Energy Peace Partners leverages economic and climate solutions to support peace in places affected by violent conflict. We believe that a paradigm shift toward climate-sensitive development can deliver enduring benefits to the 850 million people across 27 countries – primarily in sub-Saharan Africa, the Middle East, and South Asia – who have limited access to energy and are concurrently at greatest risk of conflict and climate impacts.
Communities in the world’s least electrified countries remain highly vulnerable to violent conflict and climate change. New renewable energy applications could contribute to mitigating this dynamic. However, the conditions that have driven renewable energy investment elsewhere do not exist in fragile states. At the same time, many of these countries host international peacekeeping and/or humanitarian field operations. These sizable missions, some with annual budgets that exceed $1 billion, are often deployed in off-grid locations and largely self-generate diesel-powered electricity. Building new renewable energy systems, particularly solar, in these field missions makes political, economic and environmental sense and can be leveraged to expand energy access for crisis-affected communities.
Our efforts are therefore focused on creating an enabling environment for renewable energy in fragile regions along two key tracks:
Research and Advocacy: The Powering Peace Initiative
In partnership with The Stimson Center, the Powering Peace Initiative supports the United Nations and its partner’s transition to renewable energy in field missions, as a means to introduce new renewable energy infrastructure in some of the least electrified countries in the world. Our research involves country case studies combined with an examination of the United Nations institutional approach to energy. Our aim is to develop policy recommendations for the increased use of renewable energy applications by international actors deployed in the field. Our first country case study, “South Sudan’s Renewable Energy Potential: A Building Block for Peace,” was published in January 2018 by the United States Institute for Peace.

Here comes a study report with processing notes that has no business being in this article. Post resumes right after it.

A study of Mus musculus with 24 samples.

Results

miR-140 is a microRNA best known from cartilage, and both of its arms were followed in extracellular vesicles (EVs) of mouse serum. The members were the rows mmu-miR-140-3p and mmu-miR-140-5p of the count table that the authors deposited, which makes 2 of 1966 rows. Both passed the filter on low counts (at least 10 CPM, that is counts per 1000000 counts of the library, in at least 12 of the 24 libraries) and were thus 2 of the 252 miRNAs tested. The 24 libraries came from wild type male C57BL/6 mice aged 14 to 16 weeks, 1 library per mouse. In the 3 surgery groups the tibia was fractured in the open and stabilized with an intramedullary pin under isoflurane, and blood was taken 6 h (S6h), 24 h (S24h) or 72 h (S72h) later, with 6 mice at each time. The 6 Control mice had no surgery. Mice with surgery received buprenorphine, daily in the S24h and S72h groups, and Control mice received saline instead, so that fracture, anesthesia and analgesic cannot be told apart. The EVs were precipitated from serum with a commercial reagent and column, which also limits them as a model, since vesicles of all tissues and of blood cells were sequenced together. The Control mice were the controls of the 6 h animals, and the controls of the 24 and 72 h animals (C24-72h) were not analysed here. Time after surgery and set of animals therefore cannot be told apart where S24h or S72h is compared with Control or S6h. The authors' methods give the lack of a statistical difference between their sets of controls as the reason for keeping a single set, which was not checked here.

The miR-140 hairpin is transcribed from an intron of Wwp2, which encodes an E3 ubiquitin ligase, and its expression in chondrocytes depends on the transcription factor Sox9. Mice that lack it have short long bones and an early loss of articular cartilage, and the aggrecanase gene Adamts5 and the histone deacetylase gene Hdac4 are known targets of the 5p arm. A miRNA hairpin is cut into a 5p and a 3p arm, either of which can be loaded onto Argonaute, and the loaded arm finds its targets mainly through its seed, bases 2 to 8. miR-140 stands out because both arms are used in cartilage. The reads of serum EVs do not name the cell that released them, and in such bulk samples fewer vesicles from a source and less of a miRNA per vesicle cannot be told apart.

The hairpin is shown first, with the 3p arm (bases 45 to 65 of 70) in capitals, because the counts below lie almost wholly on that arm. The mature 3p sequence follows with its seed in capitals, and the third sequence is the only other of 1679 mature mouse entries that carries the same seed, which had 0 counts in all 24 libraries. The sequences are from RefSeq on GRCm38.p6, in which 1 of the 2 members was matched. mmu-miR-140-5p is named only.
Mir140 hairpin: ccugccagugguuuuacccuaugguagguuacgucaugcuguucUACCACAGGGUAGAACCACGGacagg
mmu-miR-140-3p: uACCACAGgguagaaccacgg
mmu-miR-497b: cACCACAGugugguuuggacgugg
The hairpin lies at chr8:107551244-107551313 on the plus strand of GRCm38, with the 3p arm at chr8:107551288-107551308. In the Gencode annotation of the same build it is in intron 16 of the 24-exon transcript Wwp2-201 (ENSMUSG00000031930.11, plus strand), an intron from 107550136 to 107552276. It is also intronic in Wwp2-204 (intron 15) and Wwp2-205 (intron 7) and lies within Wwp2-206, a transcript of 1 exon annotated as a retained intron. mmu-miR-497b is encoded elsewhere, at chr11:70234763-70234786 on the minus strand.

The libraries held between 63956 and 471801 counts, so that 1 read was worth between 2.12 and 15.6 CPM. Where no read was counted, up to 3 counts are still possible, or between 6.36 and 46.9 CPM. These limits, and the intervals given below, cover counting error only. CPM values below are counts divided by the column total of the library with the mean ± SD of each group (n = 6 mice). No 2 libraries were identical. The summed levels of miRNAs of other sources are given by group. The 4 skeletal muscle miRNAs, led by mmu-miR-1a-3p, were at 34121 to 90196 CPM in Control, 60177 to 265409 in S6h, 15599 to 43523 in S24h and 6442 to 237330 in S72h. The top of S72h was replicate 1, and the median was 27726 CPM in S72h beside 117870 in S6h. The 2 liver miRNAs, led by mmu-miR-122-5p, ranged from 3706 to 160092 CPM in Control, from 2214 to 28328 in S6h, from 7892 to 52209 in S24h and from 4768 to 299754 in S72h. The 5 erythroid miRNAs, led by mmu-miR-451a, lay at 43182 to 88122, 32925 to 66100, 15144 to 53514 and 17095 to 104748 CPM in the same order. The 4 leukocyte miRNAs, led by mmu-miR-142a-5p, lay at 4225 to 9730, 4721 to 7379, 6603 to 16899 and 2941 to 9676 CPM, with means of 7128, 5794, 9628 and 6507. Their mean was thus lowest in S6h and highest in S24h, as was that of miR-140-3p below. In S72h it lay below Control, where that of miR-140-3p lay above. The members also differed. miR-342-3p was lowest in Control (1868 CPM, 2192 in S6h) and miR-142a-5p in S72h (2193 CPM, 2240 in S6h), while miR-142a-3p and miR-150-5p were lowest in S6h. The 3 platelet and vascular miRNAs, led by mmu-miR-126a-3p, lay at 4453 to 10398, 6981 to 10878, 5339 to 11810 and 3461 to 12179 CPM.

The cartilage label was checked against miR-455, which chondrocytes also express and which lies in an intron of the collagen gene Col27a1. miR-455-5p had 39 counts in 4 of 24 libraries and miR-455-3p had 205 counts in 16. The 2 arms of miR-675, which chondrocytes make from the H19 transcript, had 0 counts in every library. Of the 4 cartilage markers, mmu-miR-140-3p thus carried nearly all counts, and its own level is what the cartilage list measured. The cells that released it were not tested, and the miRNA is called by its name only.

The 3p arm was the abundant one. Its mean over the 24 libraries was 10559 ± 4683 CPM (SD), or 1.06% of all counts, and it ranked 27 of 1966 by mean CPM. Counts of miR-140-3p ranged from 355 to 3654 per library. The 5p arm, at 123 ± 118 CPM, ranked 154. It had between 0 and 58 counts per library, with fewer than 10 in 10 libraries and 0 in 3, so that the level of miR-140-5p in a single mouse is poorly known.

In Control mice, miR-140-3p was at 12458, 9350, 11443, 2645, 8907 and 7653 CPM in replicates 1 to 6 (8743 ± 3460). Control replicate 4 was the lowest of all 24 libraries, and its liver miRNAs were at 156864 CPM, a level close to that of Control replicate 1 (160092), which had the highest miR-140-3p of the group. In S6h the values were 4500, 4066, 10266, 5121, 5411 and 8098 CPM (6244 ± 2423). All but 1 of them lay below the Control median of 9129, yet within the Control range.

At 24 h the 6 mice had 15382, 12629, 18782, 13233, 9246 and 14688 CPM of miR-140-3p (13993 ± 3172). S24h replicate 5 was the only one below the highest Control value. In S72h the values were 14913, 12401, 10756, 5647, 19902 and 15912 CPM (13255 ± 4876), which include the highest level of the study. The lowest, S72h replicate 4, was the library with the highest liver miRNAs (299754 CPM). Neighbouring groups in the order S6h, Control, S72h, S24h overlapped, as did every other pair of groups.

Energy Peace Partners is currently developing the Peace Renewable Energy Credit (PREC) as a market-based financing solution to support renewable energy investment in fragile settings. The PREC is a new variant of traditional Renewable Energy Credits (RECs). PRECs offer a new way to monetize renewable energy generation in places affected by conflict. Revenue streams generated by PREC sales contribute to expanding energy access by increasing financial incentives for renewable energy development in conflict-affected settings. We are currently developing 2-3 PREC pilot projects, with the aim of rolling out the PREC to a wider group of crisis-affected settings where energy access is limited, including South Sudan, Somalia, Central African Republic, Democratic Republic of Congo, Haiti, Mali, Sudan, Burundi, Yemen, Northern Nigeria, Myanmar, Somalia and Uganda. Our long-term objective is to create a self-sustaining international PREC marketplace across a dozen or more markets that support investment in scalable renewable energy solutions, creates long-lasting energy infrastructure in countries with low levels of electrification, and lays the foundations for more stable and peaceful societies. Energy Peace Partners is currently developing the first PREC pilot project in Malakal, South Sudan that will support the financing of a solar-battery mini-grid for a group of co-located international humanitarian agencies.
Shine Campaign Commitment
Energy Peace Partners commits to expanding research and innovative finance solutions to the field of energy access
As part of our Powering Peace Initiative, we will conduct two case studies in Somalia and the Democratic Republic of Congo. These will examine the potential for renewable energy to support peacebuilding and stabilization in each country, and identify specific opportunities for renewable energy transitions that can contribute to expanding energy access to local communities in these fragile and conflict-affected states.
Our Commitment also entails ensuring that the first group of PREC pilot projects, currently in South Sudan and Uganda, expands energy access for affected local communities in a replicable and scalable manner.